By Christoph Heinrich
Called the “Prince of the Impressionists”, Claude Monet (1840-1926) transformed expectations for the purpose of paint on canvas. Monet did not seek to render only reality, but the act of perception itself. Working “en plein air” with rapid, impetuous brush strokes, he interpretted the play of light on the hues, patterns, and contours and the way in which these visual impressions fall upon the eye.
Monet's interest in this space “between the motif and the artist” encompassed too, the ephemeral nature of each image we see. He returned to the same motif in different seasons, different weather conditions, and at different times of the day, to explore the constant mutability of our visual environment. Examples of this are his series of water lillies, poplars, grain stacks and the Rouen Cathedral.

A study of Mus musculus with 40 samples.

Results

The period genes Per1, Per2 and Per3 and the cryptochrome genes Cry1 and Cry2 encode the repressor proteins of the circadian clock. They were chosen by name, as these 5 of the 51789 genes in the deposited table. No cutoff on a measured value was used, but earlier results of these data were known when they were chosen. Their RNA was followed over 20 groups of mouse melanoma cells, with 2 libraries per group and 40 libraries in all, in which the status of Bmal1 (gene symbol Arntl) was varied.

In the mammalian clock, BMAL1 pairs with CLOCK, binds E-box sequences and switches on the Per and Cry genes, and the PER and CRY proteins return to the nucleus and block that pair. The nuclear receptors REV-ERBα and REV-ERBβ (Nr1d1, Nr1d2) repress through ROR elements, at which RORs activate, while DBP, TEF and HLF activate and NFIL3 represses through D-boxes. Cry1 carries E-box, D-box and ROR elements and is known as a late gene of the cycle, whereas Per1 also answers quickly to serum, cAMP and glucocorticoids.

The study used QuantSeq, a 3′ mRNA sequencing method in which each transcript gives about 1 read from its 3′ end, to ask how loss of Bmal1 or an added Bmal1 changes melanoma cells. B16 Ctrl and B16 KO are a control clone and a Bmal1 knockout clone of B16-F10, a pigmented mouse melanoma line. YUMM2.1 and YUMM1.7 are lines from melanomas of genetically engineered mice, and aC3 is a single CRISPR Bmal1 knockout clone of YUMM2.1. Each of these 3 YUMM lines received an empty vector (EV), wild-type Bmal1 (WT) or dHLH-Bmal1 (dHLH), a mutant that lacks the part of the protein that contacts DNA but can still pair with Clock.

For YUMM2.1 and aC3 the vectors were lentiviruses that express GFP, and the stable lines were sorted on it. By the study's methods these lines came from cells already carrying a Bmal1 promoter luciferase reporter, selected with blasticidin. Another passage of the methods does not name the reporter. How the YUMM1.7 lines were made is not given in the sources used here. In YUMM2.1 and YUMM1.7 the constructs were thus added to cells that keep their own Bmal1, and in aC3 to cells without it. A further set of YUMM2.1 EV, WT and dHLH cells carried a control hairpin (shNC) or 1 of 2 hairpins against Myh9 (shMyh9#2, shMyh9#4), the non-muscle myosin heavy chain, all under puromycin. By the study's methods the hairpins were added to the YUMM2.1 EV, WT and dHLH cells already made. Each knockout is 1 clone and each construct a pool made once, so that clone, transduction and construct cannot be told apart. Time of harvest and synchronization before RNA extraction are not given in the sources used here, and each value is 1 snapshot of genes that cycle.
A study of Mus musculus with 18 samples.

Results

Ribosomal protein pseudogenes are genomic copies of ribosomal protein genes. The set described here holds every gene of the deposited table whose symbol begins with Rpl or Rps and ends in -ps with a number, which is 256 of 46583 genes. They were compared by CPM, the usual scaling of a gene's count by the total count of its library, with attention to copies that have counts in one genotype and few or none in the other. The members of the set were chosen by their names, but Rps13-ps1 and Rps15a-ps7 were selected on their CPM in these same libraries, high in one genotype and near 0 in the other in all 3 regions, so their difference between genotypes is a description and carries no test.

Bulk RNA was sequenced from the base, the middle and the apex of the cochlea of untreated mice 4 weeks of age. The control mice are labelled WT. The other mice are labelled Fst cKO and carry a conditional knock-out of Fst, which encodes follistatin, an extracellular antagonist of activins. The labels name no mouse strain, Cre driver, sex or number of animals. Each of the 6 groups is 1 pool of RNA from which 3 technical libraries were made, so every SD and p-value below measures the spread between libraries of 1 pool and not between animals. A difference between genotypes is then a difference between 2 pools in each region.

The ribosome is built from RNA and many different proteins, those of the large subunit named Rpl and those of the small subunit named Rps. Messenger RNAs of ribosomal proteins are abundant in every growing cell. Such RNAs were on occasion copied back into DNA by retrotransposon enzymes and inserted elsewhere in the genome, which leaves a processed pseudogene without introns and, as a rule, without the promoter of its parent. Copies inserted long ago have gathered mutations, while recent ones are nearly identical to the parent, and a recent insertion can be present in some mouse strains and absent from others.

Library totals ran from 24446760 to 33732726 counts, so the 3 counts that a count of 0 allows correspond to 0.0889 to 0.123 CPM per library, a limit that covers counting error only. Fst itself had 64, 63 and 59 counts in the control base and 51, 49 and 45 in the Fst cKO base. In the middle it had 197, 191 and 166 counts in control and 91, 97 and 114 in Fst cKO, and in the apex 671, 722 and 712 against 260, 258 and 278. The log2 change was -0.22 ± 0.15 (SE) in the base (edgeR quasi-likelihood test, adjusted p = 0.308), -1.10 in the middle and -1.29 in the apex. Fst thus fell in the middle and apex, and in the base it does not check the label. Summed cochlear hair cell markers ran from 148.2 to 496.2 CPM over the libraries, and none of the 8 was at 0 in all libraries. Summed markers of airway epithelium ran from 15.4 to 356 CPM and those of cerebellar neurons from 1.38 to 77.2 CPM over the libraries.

This book offers the essential introduction to an artist whose works simultaneously reflected upon the purpose of a picture and the passage of time, and in so doing, transformed irrevocably the story of art.
Each book in Taschen’s Basic Art series features a detailed chronological summary of the life and oeuvre of the artist, covering his or her cultural and historical importance, a concise biography, and approximately 100 illustrations with explanatory captions.
Hardcover with jacket, 96 pages
Dimensions: 8.5 x 10.5 x 0.5 inches
“For me, the subject is of secondary importance: I want to convey what is alive between me and the subject.” — Claude Monet
Claude Monet's Gladioli, c 1876, is a included in the Detroit Institute of Arts' collection.